It was a turning point in the war, just four months after Pearl Harbor, and gave the nation hope.
Lt. Col. Richard Cole, the last surviving Doolittle Raider, died last week at the age of 103. He was Jimmy Doolittle's co-pilot in the lead bomber that launched the surprise counter-attack over Japan in April 1942.
“How we were selected to go on that raid I don't know,” said Cole in an interview with the American Veterans Center in 2014.
The raid was a virtual suicide mission: 16 bombers with 80 men on board taking off from the aircraft carrier USS Hornet, 650 miles east of Japan, to bomb Tokyo and break the will of the Japanese.
The B-25 Mitchell bombers flew without fighter escort. The lumbering bombers had to be modified to take off on the short, pitching flight deck. Typically the bombers would need 3,000 feet of runway to take off on land, but at sea, they had only 500 feet on the carrier.
While inflicting only minimal damage, the raid boosted morale back home in the United States and changed the course of the war.
Three Doolittle Raiders were killed. Eight were captured by the Japanese. Four survived years of solitary confinement. All but one of the bombers crash-landed in China. The Raiders thought they would be court-martialed, not honored.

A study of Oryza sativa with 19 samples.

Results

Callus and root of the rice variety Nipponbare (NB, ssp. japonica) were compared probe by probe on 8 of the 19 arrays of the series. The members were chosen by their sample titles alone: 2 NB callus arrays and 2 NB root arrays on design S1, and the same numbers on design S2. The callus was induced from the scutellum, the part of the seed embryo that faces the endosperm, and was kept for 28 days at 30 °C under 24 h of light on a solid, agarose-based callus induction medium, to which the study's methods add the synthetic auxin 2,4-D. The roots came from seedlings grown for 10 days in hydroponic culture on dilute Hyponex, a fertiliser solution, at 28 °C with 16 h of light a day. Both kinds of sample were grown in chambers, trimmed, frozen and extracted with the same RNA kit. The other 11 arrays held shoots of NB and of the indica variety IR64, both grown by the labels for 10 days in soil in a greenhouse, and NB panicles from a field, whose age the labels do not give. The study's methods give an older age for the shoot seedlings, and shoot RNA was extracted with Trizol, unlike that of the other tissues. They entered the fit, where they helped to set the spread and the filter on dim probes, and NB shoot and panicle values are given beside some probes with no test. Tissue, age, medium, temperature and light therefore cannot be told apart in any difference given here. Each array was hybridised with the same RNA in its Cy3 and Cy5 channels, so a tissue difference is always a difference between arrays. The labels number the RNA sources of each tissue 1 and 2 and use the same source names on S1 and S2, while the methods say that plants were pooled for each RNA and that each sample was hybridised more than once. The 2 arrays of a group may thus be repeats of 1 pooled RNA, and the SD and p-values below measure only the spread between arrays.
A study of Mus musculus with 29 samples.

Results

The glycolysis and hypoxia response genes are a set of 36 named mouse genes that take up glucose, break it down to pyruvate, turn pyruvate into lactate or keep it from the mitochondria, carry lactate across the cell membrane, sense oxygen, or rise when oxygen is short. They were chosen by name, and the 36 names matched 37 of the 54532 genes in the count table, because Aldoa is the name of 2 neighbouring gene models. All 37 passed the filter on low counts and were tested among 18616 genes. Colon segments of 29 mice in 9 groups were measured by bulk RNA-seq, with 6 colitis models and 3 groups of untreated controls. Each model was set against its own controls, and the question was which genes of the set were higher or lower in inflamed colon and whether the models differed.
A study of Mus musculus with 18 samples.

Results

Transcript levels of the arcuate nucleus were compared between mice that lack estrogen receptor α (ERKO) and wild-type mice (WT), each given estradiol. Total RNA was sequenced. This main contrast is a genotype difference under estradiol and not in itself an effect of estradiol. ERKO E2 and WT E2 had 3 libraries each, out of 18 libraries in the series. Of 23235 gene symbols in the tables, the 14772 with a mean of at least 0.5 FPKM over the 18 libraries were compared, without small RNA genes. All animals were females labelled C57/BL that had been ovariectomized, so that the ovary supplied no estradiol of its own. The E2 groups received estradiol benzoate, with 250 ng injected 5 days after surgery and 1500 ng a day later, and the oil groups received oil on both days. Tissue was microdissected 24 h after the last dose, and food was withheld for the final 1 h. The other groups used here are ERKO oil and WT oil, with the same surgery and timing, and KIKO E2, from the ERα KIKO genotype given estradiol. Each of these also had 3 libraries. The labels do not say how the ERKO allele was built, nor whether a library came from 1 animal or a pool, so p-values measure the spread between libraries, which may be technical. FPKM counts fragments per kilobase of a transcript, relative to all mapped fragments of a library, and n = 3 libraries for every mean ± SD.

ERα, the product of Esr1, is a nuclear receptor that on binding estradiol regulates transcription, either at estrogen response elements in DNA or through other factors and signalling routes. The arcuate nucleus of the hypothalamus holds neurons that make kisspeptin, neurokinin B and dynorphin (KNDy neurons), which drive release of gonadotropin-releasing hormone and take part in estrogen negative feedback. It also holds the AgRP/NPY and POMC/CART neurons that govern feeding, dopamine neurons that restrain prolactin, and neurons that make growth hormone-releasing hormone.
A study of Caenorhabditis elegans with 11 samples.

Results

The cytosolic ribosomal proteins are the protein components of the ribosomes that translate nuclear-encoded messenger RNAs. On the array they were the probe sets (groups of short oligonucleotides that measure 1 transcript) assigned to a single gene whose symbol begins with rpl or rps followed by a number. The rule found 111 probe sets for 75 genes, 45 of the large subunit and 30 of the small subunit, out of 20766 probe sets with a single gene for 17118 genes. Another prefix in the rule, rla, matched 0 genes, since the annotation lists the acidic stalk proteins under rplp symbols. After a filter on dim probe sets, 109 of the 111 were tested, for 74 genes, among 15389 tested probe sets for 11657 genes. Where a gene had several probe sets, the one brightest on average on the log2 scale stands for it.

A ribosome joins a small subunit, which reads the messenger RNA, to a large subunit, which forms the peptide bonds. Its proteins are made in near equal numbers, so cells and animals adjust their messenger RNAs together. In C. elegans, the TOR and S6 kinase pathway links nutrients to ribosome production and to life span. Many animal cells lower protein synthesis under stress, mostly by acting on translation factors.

Asked how he became Doolittle's co-pilot on the famous mission, Cole said it was fate.
“It was strictly by luck,” he said. “The 17th group got transferred to Columbia, South Carolina. They had put a note up on the board wanting volunteers for a dangerous nation. I had [to] put my name there.”
Two months after the raid, mission commander Brig. Gen. Jimmy Doolittle received the nation's highest valor award, the Medal of Honor, from President Franklin D. Roosevelt in the Oval Office.
Cole received the Distinguished Flying Cross. The Doolittle Raiders agreed to meet every year until only two remained. In 2013, they uncorked a bottle of vintage cognac from 1896 -- the year of Doolittle’s birth -- for a final toast.
Thursday, a grateful nation will say goodbye to the last Doolittle Raider. Air Force Secretary Heather Wilson and the Air Force’s top officer, Gen. David Goldfein are to fly down to San Antonio, Texas, for the memorial.
Lt. Col. Richard Cole will be buried at Arlington National Cemetery if Congress intervenes, according to officials.
Three years ago, the Air Force said it would name its new B-21 bomber -- The Raider -- in honor of the legendary Doolittle Raiders.